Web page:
Hunt is on for UK buyer to save Turner painting from export

The countdown is on to find a buyer for a £10 million painting by J.M.W. Turner before it leaves the UK.

The owner of ‘Dark Rigi, the Lake of Lucerne’ (1842) by the legendary British artist bought the watercolour in 2006 and recently applied for an export licence to take the work abroad. Arts minister Rebecca Pow has temporarily barred the export of the painting stating that it “is of national importance and if it were to go abroad it would be a terrible loss to the country”.

Under the current export licensing system, the government can defer issuing an export licence for cultural goods if they are deemed to be of outstanding national significance. The deferral period enables domestic institutions, such as museums, time to raise funds to acquire the object at fair market value.

Valued at £10 million, ‘Dark Rigi’ will need to inspire a generous fundraising campaign if it is to remain in the UK. Painted after Turner’s trip to Switzerland in 1841, it is part of a series of iconic works capturing the Rigi mountain and the only one in private hands. Turner’s fondness for serialising one motif is said to have inspired artists such as Claude Monet.

Pow’s decision to temporarily bar the work from export was informed by a recommendation from the independent Reviewing Committee on the Export of Works of Art and Objects of Cultural Interest (RCEWA). The committee is tasked with advising the government as to whether a cultural object intended for export is a national treasure. According to the RCEWA, ‘Dark Rigi’ is of “outstanding significance for the study of Turner’s landscapes, artistic practice and patronage”.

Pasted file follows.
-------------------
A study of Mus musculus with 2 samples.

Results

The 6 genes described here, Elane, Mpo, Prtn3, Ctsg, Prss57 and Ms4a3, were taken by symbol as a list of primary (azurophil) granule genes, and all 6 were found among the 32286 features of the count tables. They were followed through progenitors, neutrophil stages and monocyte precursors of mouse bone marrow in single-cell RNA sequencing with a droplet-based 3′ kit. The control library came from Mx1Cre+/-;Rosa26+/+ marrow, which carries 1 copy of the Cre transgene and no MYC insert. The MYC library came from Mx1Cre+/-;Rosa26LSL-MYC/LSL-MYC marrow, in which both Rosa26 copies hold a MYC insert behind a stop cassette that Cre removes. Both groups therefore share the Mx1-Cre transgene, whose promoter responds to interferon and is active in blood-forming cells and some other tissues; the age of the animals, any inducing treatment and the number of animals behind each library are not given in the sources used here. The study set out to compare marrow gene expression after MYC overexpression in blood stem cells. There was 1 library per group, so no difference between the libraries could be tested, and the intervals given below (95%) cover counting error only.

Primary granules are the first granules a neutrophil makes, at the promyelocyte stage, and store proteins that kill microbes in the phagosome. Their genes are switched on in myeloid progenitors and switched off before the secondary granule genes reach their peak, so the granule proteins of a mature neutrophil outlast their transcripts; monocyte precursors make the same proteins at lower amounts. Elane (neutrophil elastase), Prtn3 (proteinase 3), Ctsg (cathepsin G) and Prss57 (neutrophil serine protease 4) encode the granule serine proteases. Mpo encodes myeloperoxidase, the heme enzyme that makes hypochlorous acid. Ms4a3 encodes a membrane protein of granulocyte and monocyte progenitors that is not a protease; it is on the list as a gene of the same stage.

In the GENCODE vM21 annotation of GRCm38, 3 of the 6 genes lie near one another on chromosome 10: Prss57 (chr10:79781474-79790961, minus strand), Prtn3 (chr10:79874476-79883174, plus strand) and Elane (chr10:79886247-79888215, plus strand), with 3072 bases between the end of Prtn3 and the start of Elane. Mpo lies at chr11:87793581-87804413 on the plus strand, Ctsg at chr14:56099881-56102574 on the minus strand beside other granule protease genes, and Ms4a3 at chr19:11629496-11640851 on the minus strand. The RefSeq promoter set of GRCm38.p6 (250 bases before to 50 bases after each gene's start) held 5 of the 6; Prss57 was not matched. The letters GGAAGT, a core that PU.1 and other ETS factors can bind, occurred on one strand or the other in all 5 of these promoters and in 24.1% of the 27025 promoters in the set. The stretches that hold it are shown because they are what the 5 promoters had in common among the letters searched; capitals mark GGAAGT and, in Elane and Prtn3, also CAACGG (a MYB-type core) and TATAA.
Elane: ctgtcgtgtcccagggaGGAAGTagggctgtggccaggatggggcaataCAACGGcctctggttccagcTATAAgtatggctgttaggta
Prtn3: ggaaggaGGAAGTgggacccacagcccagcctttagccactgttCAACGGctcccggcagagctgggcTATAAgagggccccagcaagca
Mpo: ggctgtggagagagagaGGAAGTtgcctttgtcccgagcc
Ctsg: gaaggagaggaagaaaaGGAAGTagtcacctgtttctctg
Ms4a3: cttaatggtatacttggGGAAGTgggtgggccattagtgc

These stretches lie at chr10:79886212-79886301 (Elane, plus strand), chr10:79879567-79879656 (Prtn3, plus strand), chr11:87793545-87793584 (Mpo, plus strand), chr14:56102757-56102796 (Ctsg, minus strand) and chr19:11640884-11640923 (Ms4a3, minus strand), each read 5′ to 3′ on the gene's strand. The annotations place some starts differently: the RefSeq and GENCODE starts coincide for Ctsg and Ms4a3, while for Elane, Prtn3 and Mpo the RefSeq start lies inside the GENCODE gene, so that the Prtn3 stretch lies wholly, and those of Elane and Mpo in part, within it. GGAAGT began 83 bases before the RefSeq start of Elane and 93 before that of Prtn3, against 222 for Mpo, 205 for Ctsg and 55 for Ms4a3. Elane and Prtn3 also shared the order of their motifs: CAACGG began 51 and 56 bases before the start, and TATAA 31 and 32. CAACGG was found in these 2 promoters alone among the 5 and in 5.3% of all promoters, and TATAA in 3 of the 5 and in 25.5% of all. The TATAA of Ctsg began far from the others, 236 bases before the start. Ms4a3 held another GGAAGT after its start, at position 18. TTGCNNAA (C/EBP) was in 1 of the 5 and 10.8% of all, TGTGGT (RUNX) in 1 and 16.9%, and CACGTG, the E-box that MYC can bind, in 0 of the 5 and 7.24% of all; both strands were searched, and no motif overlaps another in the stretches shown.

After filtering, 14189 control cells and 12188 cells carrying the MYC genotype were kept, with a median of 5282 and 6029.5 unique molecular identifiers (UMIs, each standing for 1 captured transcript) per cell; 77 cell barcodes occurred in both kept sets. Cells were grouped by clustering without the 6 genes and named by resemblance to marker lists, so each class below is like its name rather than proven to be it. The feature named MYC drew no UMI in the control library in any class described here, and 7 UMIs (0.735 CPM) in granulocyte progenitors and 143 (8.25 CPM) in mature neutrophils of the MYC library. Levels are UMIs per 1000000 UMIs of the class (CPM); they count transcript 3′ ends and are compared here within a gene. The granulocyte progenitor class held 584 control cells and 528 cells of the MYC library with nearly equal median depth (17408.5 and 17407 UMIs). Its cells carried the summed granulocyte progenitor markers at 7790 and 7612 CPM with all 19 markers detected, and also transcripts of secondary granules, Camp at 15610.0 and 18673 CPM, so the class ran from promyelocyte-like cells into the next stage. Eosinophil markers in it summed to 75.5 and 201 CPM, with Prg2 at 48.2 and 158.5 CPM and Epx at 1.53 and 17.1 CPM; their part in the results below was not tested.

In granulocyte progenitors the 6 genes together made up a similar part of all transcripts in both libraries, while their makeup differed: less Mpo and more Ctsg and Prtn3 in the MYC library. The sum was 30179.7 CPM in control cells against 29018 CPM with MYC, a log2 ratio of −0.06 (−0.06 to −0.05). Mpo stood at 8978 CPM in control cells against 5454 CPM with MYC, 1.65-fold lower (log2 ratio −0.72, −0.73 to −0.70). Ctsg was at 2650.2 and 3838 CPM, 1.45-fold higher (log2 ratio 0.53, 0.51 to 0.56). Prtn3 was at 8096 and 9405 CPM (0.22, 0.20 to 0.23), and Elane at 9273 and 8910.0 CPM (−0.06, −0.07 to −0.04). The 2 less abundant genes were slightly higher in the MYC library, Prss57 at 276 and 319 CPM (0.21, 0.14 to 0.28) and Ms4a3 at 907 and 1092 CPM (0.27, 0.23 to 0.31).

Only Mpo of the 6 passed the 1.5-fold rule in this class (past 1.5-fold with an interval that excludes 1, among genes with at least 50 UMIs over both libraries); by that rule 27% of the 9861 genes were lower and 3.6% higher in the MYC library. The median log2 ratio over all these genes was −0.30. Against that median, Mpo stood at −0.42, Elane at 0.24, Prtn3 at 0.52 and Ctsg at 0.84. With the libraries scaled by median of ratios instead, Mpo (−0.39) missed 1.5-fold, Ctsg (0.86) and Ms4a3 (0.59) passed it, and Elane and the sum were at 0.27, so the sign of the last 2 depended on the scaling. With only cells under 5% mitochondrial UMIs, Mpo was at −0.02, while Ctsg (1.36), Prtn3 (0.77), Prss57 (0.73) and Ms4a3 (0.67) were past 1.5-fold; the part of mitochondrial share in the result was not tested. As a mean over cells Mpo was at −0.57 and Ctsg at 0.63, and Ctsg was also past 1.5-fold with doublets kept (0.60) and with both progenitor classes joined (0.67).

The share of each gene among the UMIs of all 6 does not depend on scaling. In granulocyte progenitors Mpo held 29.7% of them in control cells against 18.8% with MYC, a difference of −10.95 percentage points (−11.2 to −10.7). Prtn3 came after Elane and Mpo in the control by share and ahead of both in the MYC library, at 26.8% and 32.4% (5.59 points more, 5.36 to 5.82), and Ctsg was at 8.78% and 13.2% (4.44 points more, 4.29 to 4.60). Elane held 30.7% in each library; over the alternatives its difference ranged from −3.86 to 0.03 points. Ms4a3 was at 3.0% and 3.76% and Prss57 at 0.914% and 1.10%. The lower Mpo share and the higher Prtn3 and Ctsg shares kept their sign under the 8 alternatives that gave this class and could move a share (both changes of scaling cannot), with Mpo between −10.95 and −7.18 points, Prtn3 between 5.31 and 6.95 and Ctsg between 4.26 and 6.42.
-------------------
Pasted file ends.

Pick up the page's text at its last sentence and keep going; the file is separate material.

The temporary export bar will be lifted on 1 December 2019, but if an institution demonstrates a serious intention to raise funds to retain the work in the UK, this deadline could be extended until 1 June 2020.

In February this year, the Department for Digital, Culture, Media & Sport (DCMS) closed its consultation on proposed reforms to the export licensing system. ‘Strengthening the Process for Retaining National Treasures’ outlined proposals to introduce a legally binding mechanism to the current system.

The mechanism would bind owners of cultural objects to follow through on their commitment to sell these objects to a museum, gallery or relevant private purchaser at an agreed fair market price. Under the current system, there is nothing beyond a ‘gentleman’s agreement’ binding the owners to sell.

DCMS is currently analysing public feedback to the consultation.